Nutritional deficiencies occur when a person's nutrient intake consistently falls below the recommended requirement. Children between 10–19 years of age face serious nutritional deficiencies worldwide, according to the World Health Organization.

Vitamin B1

Thiamin, or vitamin B1, is a water-soluble vitamin that plays a role in energy production (through the synthesis of adenosine triphosphate [ATP]) and nerve conduction. (ATP is the major source of energy that the human body utilizes to do work.) Thiamin is found in abundance in foods such as lean pork, legumes, and yeast. In contrast, polished (white) rice, white flour, refined sugars, fats, and oils are foods lacking this vitamin. People at risk for thiamin deficiency include those who consume large quantities of alcohol and those who live in impoverished conditions, for such people are deficient in substantial amounts of vitamins and minerals.

Beriberi is a clinical manifestation of thiamin deficiency. Symptoms include nervous system abnormalities (e.g., leg cramps, muscle weakness), limb swelling, elevated pulse, and heart failure. Wernicke-Korsakoff syndrome is a related condition (with symptoms such as a jerky gait, disorientation, and impaired short-term memory) that occurs among alcoholics.

Vitamin B3

Pellegra is a disease caused by a dietary deficiency of, or a failure to absorb, niacin (vitamin B3) or the amino acid tryptophan, a precursor of niacin. pellagra means "rough skin." Primary symptoms include the "3 Ds": dementia (mental symptoms), dermatitis (scaly skin sores), and diarrhea.

Mineral Deficiency Calcium and Vitamin D

Osteoporosis, which is characterized by a decrease in the mass of otherwise normal bone, is the most common metabolic bone disease. Normal bone is made of a hard outer shell (the cortex) and an inner network of spicules (fibers), called trabecular, that give bone its characteristic strength. Bone mass is maintained at a progressive and then constant level until around the age of thirty-five. This maintenance is accomplished through bone remodeling, a cycle of breaking down and building up of bone. Beginning around age forty, the rate at which bone breaks down can exceed that at which it is built, resulting in diminished mass and a diminished amount of calcium in the bone. For women, in addition to this normal age-related bone loss, menopause and its subsequent reduction in female hormone levels (specifically estrogen) because a specific loss in cortical and trabecular bone. In those who develop osteoporosis, the reduction in cortical and trabecular bone can be up to 30-40 percent, resulting in fragile bones that are prone to fracture.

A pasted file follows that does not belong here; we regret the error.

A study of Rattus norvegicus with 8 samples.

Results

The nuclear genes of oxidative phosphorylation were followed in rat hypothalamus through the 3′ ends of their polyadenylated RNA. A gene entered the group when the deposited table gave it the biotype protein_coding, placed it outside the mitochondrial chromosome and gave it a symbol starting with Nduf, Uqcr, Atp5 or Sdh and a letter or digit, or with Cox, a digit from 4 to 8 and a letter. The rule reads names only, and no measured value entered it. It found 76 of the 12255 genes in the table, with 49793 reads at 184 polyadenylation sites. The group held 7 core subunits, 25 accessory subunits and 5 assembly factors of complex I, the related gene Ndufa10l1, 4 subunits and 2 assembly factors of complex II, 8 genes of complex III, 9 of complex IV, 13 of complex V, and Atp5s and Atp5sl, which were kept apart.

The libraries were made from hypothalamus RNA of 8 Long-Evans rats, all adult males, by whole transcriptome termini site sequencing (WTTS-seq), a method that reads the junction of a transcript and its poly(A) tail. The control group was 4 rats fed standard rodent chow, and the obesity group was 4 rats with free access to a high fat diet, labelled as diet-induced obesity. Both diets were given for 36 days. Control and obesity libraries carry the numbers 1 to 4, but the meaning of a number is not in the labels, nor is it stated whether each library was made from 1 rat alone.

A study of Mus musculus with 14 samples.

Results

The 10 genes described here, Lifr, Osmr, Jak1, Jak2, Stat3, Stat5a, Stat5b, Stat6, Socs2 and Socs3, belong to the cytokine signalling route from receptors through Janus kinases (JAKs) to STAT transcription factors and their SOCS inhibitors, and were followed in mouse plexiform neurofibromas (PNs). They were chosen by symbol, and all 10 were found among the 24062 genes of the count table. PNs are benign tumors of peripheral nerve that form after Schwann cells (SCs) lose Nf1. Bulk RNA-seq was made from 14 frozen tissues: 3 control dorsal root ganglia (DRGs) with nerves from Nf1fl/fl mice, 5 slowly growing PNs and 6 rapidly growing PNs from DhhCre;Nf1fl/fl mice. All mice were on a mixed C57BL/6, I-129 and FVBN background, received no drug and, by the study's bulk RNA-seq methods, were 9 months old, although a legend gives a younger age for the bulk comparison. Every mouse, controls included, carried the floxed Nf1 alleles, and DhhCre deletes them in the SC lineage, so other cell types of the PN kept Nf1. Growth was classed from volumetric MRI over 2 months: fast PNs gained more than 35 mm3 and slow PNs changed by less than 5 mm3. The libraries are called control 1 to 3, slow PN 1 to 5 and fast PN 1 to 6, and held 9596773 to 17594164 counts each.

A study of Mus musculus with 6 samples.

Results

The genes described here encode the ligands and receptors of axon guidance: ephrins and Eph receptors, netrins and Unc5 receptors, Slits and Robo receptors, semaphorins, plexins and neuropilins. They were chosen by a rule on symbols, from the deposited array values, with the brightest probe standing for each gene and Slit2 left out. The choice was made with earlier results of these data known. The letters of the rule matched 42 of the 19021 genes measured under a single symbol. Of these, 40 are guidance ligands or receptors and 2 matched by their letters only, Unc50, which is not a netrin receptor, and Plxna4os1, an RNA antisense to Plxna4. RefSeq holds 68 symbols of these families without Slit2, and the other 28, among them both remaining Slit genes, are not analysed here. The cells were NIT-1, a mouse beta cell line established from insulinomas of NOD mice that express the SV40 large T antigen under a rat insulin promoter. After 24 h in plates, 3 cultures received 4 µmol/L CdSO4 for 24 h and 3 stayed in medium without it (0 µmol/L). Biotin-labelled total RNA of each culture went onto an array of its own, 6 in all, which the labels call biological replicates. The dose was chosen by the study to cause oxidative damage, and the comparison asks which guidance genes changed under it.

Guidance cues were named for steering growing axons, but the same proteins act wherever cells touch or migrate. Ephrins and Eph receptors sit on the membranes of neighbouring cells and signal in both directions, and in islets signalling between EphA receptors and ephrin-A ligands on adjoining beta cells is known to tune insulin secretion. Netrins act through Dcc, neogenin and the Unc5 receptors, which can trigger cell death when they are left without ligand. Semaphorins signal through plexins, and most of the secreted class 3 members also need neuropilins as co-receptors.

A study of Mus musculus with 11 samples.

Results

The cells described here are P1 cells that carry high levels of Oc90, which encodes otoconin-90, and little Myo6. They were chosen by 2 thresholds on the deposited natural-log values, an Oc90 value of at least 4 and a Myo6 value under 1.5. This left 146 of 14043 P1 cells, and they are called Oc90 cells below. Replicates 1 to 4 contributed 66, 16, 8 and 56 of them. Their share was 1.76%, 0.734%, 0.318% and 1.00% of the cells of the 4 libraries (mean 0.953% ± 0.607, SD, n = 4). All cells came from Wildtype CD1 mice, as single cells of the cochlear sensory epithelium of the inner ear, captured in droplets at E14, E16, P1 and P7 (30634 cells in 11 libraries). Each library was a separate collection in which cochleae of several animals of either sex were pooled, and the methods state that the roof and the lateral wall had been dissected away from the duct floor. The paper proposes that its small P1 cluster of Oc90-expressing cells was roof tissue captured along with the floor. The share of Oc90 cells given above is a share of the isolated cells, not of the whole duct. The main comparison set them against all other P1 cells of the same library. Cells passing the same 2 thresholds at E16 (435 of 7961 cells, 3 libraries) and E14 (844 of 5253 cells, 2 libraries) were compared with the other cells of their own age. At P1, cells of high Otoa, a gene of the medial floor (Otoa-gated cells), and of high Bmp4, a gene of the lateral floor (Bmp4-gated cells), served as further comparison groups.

Several factors contribute to the development of osteoporosis. Smoking, alcohol, and a sedentary lifestyle have all been shown to increase the risk of developing the disorder. Age and gender are also contributory factors. Women who have low estrogen levels (e.g., after menopause) are more likely to develop osteoporosis than others. Also, men generally maintain a higher bone density than women, making them less susceptible to the condition.

Vitamin D

Rickets was once considered an extremely common disorder of childhood. The term itself is derived from the old English word for "twist," or "wrick," and throughout history children with rickets could be identified by their bowed legs and knock knees, which gave them a twisted appearance.

Rickets is caused by a deficiency in vitamin D. During growth, human bone is made and maintained by the interaction of calcium, phosphorus, and vitamin D. Calcium is deposited in immature bone (Osteoid) in a process called calcification, which transforms immature bone into its mature and familiar form. However, in order to absorb and use the calcium available in food, the body needs vitamin D. In rickets, the lack of this important vitamin leads to low calcium, poor calcification, and deformed bones.

Vitamin D is the only vitamin that can be both acquired through food and made by the body itself. Although vitamin D can be absorbed through foods rich in animal fat, such as milk, cheese, fish, and meat, this absorption constitutes only about 10 percent of what the body needs in a single day. The remaining 90 percent is created by the body. Ultraviolet radiation from the sun converts 7-dihydrocholesterol in the skin to vitamin D3. This is then converted to the hormone calcitriol (the active form of vitamin D) in the kidney. Calcitriol allows absorption of calcium and phosphorus in the gut, primarily in the small intestine, and maintains the body's balance of calcium and phosphate through the kidney and bone. Without adequate vitamin D, the body can only absorb 10 to 15 percent of the calcium available in food. This balance of vitamin D, calcium, and phosphate is essential to the growth and maintenance of bones, especially in children. Deficiencies can also occur in elderly adults.